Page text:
Canoe Group Sues Over River Closures at Trump Golf Club
(Bloomberg) -- President Donald Trump’s privately owned northern Virginia golf club has plenty of water hazards along its two courses, but none as bad -- in the eyes of the government -- as the nearby Potomac River, which is closed to canoe and kayak enthusiasts when he’s there.
The U.S. Coast Guard and Department of Homeland Security last year mandated a riverbank-to-riverbank blockade where the river flows past the Trump National Golf Club in Potomac Falls, establishing a security zone to prevent waterside threats while the president or other high-ranking officials are there.
On Thursday, the Canoe Cruisers Association of Greater Washington DC sued to void that measure, claiming the exclusionary zone is unnecessarily wide and that the regulation establishing it was adopted in violation of federal rule-making procedures.
"The Coast Guard revoked the public’s legal right to access a public, navigable waterway with no notice and with no public process, including an opportunity for the public to comment or provide input," the group said in the complaint, filed in federal court in Greenbelt, Maryland. "It provided no end date for the restoration of the public’s legal right to access the river."
Trump National is about 25 miles (40 kilometers) west of the White House. The president has played there at least 30 times since the rule took effect and at least seven times beforehand, according to the filing. His guests have included Budget Director Mick Mulvaney and Republican U.S. Senators Rand Paul of Kentucky and Lindsey Graham of South Carolina.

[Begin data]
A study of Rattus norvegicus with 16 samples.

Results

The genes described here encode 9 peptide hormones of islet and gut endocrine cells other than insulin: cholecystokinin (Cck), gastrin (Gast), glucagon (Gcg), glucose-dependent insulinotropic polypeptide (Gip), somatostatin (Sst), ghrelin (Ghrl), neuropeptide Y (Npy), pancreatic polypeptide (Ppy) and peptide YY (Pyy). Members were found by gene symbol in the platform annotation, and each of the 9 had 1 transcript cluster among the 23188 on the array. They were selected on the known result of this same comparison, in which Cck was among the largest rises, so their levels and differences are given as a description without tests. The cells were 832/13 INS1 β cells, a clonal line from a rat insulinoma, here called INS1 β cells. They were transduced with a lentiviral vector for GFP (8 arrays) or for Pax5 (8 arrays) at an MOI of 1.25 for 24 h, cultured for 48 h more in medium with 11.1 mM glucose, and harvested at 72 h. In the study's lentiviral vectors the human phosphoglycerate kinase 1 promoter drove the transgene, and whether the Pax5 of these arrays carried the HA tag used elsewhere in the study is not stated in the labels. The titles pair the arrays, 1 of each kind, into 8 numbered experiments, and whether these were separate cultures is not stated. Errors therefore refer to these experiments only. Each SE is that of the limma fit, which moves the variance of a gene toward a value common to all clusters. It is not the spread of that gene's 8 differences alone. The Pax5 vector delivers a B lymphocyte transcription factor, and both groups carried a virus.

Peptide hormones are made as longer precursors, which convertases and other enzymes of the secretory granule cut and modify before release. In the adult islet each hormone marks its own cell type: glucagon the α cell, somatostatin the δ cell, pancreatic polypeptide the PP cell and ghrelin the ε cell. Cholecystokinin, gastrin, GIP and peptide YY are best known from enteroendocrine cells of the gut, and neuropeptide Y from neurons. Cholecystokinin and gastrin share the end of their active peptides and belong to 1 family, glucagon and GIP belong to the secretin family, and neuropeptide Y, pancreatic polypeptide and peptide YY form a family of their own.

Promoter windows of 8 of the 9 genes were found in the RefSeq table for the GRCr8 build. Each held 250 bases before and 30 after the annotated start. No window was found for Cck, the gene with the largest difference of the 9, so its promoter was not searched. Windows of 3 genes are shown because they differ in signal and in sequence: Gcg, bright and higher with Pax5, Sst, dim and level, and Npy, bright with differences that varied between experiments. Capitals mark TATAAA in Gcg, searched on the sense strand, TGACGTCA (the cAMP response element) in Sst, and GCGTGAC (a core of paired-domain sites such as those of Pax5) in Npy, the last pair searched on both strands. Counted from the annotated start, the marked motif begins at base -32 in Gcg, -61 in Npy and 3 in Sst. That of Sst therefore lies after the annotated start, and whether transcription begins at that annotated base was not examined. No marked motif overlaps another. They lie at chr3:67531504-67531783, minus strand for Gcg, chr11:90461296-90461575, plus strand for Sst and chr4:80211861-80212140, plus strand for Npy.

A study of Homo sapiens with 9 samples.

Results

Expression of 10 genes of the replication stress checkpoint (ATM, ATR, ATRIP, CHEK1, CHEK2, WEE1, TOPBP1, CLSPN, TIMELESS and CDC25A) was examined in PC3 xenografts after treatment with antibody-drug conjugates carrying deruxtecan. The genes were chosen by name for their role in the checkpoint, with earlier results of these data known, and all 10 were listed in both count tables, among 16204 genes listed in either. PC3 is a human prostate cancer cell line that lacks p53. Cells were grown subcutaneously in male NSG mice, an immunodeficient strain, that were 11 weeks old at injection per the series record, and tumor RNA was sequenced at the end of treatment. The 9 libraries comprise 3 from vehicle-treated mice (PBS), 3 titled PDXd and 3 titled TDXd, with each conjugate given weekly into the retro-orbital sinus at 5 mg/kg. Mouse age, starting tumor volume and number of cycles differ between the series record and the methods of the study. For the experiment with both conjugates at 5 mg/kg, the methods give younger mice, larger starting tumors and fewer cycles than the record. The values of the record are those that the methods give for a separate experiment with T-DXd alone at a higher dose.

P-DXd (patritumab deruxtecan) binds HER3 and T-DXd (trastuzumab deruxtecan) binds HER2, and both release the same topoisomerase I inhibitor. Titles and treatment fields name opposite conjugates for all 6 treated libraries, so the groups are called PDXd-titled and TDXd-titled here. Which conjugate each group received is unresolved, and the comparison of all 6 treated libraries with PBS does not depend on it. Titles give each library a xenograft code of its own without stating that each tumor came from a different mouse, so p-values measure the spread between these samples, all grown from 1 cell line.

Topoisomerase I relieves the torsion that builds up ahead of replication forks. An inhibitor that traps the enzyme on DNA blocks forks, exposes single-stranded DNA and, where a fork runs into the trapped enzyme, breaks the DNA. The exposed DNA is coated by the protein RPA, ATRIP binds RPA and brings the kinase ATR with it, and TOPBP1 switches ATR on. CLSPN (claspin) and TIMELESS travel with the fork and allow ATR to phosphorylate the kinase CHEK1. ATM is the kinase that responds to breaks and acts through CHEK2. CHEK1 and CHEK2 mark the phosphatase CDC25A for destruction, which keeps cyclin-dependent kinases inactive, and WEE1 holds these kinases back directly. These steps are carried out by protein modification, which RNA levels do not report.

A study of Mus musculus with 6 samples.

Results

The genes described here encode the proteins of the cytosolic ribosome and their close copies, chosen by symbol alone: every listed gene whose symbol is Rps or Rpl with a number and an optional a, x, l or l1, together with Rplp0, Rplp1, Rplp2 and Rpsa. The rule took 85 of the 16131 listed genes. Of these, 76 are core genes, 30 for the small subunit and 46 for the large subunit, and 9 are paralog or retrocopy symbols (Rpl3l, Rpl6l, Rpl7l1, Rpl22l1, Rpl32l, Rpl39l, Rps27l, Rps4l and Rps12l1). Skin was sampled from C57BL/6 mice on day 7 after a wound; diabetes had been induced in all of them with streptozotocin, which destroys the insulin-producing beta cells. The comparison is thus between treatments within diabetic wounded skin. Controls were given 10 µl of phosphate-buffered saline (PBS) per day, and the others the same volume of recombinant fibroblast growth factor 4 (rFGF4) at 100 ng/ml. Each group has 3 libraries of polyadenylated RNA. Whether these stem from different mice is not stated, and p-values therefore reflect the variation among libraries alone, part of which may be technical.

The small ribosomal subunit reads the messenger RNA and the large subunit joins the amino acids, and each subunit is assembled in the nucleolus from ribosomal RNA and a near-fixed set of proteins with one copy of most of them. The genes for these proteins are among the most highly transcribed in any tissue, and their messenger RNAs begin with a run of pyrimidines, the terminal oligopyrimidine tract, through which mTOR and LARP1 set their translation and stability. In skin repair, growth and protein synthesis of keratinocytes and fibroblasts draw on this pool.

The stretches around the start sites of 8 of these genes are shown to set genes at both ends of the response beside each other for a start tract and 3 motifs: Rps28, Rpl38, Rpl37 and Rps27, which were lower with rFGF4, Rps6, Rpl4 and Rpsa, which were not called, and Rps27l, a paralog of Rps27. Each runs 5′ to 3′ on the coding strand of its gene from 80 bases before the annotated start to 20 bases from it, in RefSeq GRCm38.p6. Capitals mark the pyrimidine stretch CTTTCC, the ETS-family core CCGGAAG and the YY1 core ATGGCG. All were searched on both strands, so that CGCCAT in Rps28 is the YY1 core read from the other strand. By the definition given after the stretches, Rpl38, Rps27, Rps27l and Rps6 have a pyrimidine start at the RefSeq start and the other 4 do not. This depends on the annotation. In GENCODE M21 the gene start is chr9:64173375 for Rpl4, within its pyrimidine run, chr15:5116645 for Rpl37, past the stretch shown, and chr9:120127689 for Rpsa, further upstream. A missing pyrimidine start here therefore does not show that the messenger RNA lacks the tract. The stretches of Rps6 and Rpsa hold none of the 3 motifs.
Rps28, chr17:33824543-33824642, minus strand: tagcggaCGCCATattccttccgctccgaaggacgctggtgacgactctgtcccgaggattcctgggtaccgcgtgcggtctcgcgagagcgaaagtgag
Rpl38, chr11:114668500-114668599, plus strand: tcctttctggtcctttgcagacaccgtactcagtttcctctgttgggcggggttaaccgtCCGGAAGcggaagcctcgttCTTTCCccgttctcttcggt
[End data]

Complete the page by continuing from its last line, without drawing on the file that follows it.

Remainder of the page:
Trump acquired the 800-acre property in 2009. Membership starts with initiation fees ranging from $10,000 to $300,000 plus dues, according to a New York Times report cited in the complaint.
The course has factored into other Trump controversies. The president claims that Special Counsel Robert Mueller, who is probing his 2016 campaign’s ties with Russia, has a conflict-of-interest because of a 2011 dispute with Trump National over membership fees, The Washington Post reported last year.
The section of the river that gets shut down is about two miles long and among the most popular stretches for canoeists, kayakers and other recreational users, according to Canoe Cruisers, which had lobbied for the Maryland-shore edge of the river to remain open when security measures are in force.
The canoeists cite the river’s mix of moving and still waters in the area, and proximity to popular features such as the Seneca Breaks rapids and the George Washington Canal, for its popularity.
The association, based in Montgomery County, Maryland, offers lessons and outings and promotes watershed conservation according to its website. The group was founded in 1956 and draws members from Maryland, Virginia and the District of Columbia.
The case is Canoe Cruisers Association of Greater Washington DC v Schultz, 18-cv-2914, U.S. District Court, District of Maryland (Greenbelt).